Sunday, August 31, 2014

A few years after tomorrow


There are these new urban regeneration schemes called malls-without-walls, one example being the Liverpool One development in the UK. They bring to mind Oath of Fealty, a science fiction by Larry Niven and Jerry Pournelle. They raise a thought worth pondering.

The Liverpool One land development is owned by the British Duke of Westminster. It privatizes 35 downtown streets and spans 42 acres all controlled by a private security force and CCTV. Of course big shopping malls are not new but they are usually relegated to the suburbs far from the downtown core. Not this one.

LIVERPOOL ONE

The Liverpool One land development project turns a new corner. Costing up to $2 Billion it is a central city shopping mall on steroids - hotels, plazas, shops, golf course, apartment towers, open air designs all policed by private security.

Decades ago Oath of Fealty prophesized a massive high-tech, city-in-a-city called Todos Santos, constructed following race riots and walled away from the chaos of Los Angeles surrounding it.

A thousand feet tall, single-structured super city, Todos Santos residents lived with constant surveillance in return for safety away from the grime, crime and bedlam that was a future Los Angeles. (Imagine the opening sequence of the film Bladerunner). Residents gladly offer up their Oath of Fealty for the benevolent Todos Santos security blanket.

In 1981 Oath of Fealty prophisized a new kind of city
Liverpool One is nowhere near that. It is a mega mall on steroids, not as sophisticated as the futuristic arcology, Todos Santos. It looks like a well-designed, upscale mall. Its private streets are subject to regular city by-laws.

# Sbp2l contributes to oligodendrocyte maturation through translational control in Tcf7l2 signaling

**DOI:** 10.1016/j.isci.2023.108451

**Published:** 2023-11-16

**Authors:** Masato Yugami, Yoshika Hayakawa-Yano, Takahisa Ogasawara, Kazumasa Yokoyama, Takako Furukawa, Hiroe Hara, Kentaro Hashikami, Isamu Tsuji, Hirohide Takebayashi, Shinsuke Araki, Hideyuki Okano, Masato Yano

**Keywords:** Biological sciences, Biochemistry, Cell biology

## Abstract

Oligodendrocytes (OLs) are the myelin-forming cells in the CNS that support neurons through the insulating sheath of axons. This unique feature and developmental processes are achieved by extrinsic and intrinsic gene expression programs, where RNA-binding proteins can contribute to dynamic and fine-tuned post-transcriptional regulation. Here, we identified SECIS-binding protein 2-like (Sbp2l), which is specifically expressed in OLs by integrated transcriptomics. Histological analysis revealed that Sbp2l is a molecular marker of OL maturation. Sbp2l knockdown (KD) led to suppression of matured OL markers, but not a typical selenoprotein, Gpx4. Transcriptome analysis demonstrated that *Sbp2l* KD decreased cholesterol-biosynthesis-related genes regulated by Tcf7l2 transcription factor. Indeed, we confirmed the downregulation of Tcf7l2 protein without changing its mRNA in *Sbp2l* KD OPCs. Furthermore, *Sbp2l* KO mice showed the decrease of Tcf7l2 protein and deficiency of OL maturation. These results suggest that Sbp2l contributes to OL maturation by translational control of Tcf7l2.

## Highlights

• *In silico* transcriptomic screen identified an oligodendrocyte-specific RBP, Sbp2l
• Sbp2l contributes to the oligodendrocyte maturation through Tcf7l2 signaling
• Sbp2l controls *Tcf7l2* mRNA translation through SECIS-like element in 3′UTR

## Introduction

Thus far.

Yet it is more interconnected than most open air malls and has abundant private security and pervasive CCTV. And like all evolutionary trends it exists in a context.

FEAR

Consider the fear triggered from watching the Ferguson mayhem this week, dozens of riots in cities around the world in recent years and, in spite of declining crime rates, millions who now live in gated communities.

In all these contexts there is one constant. Fear! Who wouldn't want to live in a beautiful, secure place of the future?

Consider the comments about Liverpool One by Roy Coleman, criminology faculty at Liverpool University: "The rules for the newly privatised city centre fabricate an ideal citizen - aspirational in consumption and thinking big with urban pride."

That sounds very Todos Santos. It leads me to ask some elephant-in-the-room questions: If we have the resources and desire to build safe mini-cities within cities where people can freely choose to live, is that a good thing? Or if it is such a bad thing, why are so many of them showing up?